Is medical marijuana addicting? Can I develop dependence on, tolerance of or experience withdrawal from medical marijuana? These are real concerns for medical marijuana patients. Substance abuse (dependence) is diagnosed when three or more of the following criteria occur within a 12-month period:
- Medical marijuana is used in larger amounts for a longer period of time than was intended
- There is a persistent desire to cut back on usage with unsuccessful attempts to do so
- Substantial time and effort are spent obtaining medical marijuana
- Social, occupational or recreational activities are given up or reduced because of the use of medical marijuana
- Medical marijuana is used despite patient experiencing consistent physical or psychological problems
Tolerance includes a need for markedly increased amounts of medical marijuana to achieve desired effect or a markedly diminished effect with continued use of the same amount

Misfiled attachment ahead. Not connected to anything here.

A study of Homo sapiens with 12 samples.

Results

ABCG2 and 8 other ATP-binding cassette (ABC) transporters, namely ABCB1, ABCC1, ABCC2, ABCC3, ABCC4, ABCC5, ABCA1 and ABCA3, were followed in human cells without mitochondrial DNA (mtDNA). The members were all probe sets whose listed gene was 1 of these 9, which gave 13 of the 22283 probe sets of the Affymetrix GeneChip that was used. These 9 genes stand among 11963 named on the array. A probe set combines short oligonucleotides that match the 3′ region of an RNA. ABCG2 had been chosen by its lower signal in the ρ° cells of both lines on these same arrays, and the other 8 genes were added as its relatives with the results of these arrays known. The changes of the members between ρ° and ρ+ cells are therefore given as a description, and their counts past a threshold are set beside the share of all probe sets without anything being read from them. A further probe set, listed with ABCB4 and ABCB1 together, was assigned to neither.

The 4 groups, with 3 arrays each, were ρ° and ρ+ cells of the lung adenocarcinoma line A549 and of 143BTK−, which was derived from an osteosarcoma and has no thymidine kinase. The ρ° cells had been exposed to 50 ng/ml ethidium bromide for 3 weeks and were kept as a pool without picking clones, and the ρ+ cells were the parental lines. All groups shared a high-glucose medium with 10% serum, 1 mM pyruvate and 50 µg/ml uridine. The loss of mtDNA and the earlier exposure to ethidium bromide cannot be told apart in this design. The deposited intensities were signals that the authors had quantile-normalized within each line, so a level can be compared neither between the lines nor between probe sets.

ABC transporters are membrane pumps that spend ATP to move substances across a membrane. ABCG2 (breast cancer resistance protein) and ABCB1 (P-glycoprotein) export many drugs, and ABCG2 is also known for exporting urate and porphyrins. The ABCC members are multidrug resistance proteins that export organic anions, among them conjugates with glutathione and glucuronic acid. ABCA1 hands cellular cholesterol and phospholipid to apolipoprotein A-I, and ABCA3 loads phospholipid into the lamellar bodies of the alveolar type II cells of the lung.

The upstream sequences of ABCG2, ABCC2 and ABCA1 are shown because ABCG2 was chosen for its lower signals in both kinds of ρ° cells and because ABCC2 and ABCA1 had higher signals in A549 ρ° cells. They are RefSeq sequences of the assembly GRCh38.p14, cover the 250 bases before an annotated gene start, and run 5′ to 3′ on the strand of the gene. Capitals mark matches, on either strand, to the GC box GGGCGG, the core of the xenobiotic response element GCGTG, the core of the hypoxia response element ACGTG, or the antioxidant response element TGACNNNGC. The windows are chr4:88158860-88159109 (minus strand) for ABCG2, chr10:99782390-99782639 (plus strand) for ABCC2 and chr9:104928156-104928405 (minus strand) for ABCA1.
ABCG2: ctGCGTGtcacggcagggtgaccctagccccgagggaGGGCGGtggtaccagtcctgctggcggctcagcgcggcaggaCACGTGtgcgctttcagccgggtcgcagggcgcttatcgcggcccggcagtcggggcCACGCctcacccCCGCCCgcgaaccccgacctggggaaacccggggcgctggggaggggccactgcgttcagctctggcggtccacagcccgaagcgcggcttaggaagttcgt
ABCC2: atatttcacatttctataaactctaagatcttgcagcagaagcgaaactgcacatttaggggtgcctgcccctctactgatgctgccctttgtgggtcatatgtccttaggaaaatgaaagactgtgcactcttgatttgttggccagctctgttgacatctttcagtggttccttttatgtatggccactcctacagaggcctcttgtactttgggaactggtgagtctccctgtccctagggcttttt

Withdrawal symptoms include insomnia, restlessness, loss of appetite, depression, irritability, and anger. Often, patients experiencing these symptoms will use medical marijuana or a closely related substance to relieve them.
It is generally accepted that patients using medical marijuana to treat specific conditions, such as pain, headaches or nausea, do not experience the dependency seen with recreational users. The level of usage for medical marijuana patients usually plateaus at a certain dosage.
Patients need to consider whether the side effects from the use of medical marijuana outweigh the side effects from the medications that patients traditionally use to alleviate the symptoms of their medical conditions. For example, medical marijuana is often substituted for opiates for pain relief. Patients using opiates typically experience chronic nausea and constipation while patients using medical marijuana do not experience these side effects.